Are you prepared for every disaster?
Extra food – check, first-aid kit -check, flashlight with extra batteries – check, generator – check, water – huh, what about water.
Water is often the last item on a survival checklist. The recommendation on the amount of water needed per person per day is one gallon.
When disaster strikes fill the bathtub with water. With some purification you could end up with several useable gallons of water.
The best advice is really to plan ahead and have water stored prior to any disaster.
Storing water options
One gallon of water per person per day is quite a bit. One option is to purchase bottled water. Another option is to fill 5 gallon, food quality, buckets with water. Buckets can be purchased at Lowe’s or Home Depot. If this option is chosen the buckets run about $3.25 each and the lid is an additional $1.68. With tax each bucket/lid combination run about $5.
Planning ahead and with a little work at Firehouse Sub 5 gallon pickle buckets are only $2 each. For $10 two buckets (10 gallons) can be purchased at a home improvement store or 5 buckets (25 gallons) at Firehouse Subs.
Firehouse Sub Buckets
The one issue with Firehouse Sub buckets is the pickle smell. Doing an internet search “remove pickle smell from Firehouse Sub buckets” will show lots of results and methods to remove the smell.
I have tried several: baking soda, newspaper, coffee grounds, soap and water to name a few. All of these fell short. The best way I found was to place the buckets in the sun and let the sun bake the odor away. Placed the buckets and lids in the sun and let them sit. In a day or two the smell will be gone.
Whether you purchase food quality buckets new or use Firehouse Sub buckets the goal is to store water.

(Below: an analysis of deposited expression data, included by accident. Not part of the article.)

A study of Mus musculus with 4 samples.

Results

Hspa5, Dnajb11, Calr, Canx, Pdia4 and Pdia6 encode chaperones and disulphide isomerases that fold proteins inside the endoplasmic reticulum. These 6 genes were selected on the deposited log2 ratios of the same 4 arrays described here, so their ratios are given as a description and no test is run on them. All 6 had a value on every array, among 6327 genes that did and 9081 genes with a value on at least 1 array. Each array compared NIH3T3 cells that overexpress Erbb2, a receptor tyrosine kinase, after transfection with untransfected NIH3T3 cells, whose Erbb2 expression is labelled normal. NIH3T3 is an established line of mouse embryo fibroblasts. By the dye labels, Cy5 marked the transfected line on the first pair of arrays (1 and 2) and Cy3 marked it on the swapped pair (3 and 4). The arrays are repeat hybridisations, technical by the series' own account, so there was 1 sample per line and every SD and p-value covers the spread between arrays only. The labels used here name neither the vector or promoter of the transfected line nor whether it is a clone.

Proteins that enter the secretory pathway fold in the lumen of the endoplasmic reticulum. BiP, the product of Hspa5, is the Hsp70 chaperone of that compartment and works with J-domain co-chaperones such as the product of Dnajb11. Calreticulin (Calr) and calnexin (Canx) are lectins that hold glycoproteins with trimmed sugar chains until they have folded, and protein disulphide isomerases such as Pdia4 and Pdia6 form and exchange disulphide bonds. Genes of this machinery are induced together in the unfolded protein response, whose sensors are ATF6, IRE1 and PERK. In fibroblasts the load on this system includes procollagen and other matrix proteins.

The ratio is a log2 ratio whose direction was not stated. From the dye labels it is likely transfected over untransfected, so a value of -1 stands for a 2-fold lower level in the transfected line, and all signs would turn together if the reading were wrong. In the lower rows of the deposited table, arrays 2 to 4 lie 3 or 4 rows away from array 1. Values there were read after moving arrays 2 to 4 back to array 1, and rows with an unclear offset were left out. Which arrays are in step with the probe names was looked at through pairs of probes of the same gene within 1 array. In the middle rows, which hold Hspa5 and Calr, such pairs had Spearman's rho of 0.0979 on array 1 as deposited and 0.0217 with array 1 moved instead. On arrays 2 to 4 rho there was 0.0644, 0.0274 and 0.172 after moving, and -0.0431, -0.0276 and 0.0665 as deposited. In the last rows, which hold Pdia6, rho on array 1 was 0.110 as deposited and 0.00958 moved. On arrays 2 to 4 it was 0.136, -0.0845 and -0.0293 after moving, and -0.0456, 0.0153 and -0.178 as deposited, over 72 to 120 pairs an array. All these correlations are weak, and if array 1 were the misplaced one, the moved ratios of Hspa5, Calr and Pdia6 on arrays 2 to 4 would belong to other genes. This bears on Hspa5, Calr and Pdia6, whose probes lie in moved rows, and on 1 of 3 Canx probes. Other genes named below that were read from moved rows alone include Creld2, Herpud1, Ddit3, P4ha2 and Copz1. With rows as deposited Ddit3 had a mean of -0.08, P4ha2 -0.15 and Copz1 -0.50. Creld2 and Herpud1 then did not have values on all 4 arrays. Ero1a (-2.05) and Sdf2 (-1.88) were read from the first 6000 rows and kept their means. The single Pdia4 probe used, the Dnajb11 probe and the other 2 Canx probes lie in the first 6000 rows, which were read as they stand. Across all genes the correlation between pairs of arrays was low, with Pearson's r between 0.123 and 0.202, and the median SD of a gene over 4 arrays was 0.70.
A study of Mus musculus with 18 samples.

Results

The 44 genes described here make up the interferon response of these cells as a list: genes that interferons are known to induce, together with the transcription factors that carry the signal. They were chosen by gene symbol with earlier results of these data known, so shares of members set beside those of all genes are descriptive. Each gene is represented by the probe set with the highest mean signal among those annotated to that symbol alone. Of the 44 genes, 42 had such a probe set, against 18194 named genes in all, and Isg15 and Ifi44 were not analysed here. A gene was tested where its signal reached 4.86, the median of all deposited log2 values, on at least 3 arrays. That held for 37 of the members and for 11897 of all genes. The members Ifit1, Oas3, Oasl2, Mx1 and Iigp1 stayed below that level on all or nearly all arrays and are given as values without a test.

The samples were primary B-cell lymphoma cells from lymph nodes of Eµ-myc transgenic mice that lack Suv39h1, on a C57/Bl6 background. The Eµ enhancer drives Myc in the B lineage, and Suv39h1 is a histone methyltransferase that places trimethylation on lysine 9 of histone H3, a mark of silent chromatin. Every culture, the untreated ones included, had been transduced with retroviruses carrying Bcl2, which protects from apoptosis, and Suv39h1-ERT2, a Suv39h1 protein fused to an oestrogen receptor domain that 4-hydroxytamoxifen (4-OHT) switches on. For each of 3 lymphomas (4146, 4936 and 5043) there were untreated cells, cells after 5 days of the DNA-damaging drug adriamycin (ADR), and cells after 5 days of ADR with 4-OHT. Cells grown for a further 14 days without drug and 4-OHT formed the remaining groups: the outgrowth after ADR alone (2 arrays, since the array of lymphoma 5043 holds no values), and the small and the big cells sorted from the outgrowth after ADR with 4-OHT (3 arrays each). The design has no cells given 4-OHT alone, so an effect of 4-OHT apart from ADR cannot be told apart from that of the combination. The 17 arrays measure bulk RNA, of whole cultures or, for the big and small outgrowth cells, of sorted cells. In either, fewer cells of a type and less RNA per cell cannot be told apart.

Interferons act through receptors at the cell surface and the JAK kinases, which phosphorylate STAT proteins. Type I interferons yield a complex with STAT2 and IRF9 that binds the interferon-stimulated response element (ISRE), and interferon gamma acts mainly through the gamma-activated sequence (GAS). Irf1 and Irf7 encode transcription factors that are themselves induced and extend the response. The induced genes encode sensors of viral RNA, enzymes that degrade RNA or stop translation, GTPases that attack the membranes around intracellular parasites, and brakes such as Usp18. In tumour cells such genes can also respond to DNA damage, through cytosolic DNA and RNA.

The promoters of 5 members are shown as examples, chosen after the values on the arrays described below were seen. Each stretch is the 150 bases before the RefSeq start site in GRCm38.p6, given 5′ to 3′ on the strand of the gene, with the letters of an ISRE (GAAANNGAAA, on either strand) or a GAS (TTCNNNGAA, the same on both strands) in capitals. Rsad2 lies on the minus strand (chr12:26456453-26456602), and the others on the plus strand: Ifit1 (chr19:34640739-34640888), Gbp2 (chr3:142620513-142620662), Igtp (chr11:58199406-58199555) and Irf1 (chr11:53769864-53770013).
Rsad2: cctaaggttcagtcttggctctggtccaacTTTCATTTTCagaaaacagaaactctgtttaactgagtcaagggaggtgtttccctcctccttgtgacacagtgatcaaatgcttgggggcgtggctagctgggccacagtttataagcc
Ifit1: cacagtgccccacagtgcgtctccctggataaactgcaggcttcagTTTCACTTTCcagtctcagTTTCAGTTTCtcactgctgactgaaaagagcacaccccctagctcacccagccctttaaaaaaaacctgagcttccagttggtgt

The first thing you need to do is sanitize your container. Wash the bucket with soap and water. Rinse thoroughly. Using 1 teaspoon of household bleach per quart of water. Fill the bucket with some water/bleach mixture and then swish the water/bleach around the bucket making sure the entire bucket surface gets wet. Rinse well once again.
Filling the Bucket
If the water is not clean, it must be disinfected prior to storing it. Using a water filter or purifier works well. Boiling the water is the best. Bring the water to a rolling boil for 1 minute. If at altitudes greater then 5,000 feet continue the boiling for 3 minutes . If there is sediment floating in the water prior to purifying or boiling run it through a coffee filter to remove them. Once clean water is available fill the container and close the container tight.
Storing Water Container
Once the water containers are filled and the lid is tightly on, label the container with the date the water was stored also put “Drinking Water” on the label. Store them in a dark cool space. Check your supply every six month. Store purchased bottle water should be safe for approximately one year, homemade bottled water should be replaced every 6 months.
Using Emergency Water
When a disaster happens and the emergency water is used the water should be used between 1 and 5 days. Three to five days if refrigerated, 2 days if kept in a cool place and 1 day if the water gets warm. If the purity of the water is in question boil again or purify with chlorine. Add 1/2 teaspoon of unscented bleach for every five gallons of water. Use 1 teaspoon of bleach if the water cloudy. Always let the water stand for 30 minutes or more before drinking or use for cooking.